In the earlier post “Genesis of Deep Learning. Neuron & Artificial Neural Network (ANN)“, we discussed about the neuron and how a bunch of neurons forms an ANN. In this post, let’s have a quick appreciation and intuition on the typical life cycle of training an ANN.
To recap, in order for the ANN to make predictions, it depends on the ANN’s architecture (how many neurons, layers, etc.) and the weights (think of it as a multiplier factor) calculated against the input data. I am oversimplifying here for the ease of general understanding.
However, the ANN (just like us humans) will not be good at its job/task on first try! To improve the ANN’s performance, it goes through a training life cycle that generally takes place over 4 stages:
- Forward Pass | Estimates result through sum of neuron outputs.
- Loss Measurement | Measures the loss (error) between actual result & estimate.
- Backward Pass | Determine which weights contributed most to the loss.
- Weights Update | Adjust the weights for better estimation next round.
These 4 stages are performed iteratively until the desired performance (e.g. accuracy of classifying an image, ability to predict some values, etc.) is reached. As you may observe, the training focuses alot on the fine tuning and updating of weights. Reason being that these weights are what “filters” against input data to “decide” what is significant or insignificant for the job/task the ANN has been training for.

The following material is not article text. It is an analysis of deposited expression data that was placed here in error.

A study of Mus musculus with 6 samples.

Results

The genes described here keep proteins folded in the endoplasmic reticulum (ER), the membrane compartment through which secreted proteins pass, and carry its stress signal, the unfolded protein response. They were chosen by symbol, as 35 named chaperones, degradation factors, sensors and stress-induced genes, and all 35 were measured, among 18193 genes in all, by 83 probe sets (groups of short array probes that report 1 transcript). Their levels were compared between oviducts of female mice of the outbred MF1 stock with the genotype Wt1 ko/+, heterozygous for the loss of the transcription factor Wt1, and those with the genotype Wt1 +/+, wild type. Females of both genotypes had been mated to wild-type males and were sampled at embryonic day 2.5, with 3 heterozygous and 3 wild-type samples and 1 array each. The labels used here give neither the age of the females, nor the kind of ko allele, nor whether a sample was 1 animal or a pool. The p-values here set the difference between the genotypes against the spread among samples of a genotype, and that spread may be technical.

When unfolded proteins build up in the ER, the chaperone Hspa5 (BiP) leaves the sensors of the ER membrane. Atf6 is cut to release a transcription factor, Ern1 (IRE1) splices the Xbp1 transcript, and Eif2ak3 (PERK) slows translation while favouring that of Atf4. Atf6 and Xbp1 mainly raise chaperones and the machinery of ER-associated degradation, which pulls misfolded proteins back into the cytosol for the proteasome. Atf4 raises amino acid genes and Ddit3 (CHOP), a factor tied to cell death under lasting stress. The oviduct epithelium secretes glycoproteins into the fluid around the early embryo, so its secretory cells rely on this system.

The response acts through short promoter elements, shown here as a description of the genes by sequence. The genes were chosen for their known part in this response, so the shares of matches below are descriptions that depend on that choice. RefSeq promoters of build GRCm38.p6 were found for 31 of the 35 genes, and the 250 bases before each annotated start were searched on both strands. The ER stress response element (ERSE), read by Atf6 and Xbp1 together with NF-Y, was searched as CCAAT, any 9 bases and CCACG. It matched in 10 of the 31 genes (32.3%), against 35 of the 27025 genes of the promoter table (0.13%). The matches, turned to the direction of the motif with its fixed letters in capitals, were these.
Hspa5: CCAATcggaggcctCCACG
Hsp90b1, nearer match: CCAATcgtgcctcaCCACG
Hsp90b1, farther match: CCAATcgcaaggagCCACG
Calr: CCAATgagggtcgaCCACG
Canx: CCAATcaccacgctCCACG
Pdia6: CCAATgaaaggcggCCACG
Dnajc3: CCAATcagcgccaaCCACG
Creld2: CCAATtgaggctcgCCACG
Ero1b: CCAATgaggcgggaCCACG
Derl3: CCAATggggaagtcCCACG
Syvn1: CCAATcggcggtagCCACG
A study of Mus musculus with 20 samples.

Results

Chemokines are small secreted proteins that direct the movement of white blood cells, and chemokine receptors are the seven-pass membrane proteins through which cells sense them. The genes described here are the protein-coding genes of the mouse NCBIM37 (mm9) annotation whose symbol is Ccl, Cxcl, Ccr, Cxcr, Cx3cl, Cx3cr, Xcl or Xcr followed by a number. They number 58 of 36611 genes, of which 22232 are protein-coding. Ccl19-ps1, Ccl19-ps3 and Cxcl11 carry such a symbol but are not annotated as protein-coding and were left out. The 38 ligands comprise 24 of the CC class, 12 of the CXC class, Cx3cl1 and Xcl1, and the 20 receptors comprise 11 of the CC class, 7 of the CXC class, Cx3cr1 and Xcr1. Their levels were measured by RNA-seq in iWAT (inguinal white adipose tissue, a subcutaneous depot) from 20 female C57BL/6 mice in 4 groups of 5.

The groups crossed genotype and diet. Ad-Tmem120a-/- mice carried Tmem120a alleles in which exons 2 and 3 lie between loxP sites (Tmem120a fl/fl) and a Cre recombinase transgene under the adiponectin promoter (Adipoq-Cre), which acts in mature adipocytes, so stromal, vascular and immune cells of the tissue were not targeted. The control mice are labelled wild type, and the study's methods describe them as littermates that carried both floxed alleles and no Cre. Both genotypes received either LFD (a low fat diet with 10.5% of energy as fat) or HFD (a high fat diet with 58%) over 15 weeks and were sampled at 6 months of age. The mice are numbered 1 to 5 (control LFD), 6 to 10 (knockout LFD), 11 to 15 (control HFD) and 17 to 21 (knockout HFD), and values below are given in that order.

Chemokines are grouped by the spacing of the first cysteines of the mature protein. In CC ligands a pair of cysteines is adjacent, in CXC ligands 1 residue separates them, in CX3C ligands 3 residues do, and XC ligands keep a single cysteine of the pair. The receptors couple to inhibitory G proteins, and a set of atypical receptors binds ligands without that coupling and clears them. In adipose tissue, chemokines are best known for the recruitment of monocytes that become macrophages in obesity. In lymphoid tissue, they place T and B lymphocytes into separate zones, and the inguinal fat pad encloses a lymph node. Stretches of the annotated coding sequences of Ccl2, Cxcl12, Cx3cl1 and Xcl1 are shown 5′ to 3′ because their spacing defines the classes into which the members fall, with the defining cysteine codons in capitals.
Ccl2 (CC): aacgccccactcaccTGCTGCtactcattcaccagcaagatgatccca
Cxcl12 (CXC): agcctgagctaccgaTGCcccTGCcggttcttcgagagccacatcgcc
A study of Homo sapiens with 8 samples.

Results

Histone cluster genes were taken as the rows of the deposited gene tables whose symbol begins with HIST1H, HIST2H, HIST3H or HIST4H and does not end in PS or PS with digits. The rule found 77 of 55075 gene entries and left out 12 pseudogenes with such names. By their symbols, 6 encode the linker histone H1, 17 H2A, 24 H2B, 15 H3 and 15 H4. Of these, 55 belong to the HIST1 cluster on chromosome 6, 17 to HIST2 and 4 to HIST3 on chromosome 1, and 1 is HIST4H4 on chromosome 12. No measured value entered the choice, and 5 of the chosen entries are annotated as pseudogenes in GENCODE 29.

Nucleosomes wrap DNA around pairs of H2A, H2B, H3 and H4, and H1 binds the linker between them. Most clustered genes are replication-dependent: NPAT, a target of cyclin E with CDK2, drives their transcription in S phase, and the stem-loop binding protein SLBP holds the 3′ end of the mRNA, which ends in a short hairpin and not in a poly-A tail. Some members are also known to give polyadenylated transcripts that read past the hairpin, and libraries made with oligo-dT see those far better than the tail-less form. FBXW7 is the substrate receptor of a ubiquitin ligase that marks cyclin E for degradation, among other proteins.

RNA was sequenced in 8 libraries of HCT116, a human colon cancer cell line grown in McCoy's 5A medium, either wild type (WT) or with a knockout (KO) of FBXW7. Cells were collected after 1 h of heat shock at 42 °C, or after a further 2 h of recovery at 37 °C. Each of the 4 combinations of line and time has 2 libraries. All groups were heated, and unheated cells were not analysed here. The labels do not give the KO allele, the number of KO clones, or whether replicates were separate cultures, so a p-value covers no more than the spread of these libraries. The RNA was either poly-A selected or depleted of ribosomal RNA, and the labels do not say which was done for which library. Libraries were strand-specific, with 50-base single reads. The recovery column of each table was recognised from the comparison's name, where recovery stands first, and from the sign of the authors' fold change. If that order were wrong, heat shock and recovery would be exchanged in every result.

An analogy could be how your young children (or nephews/nieces) keeps telling you about their favourite toys and somehow, you manage to keep an eye out and recognise these particular toys over other toys when shopping for their presents. In essence, they have “trained” you to assign significance (weights) to a certain type of toys. Sounds familiar, doesn’t it? Haha!
And, that is basically the overall idea of how an ANN is being trained. Hope you’ve enjoyed this and is 1 step closer towards understanding Deep Learning.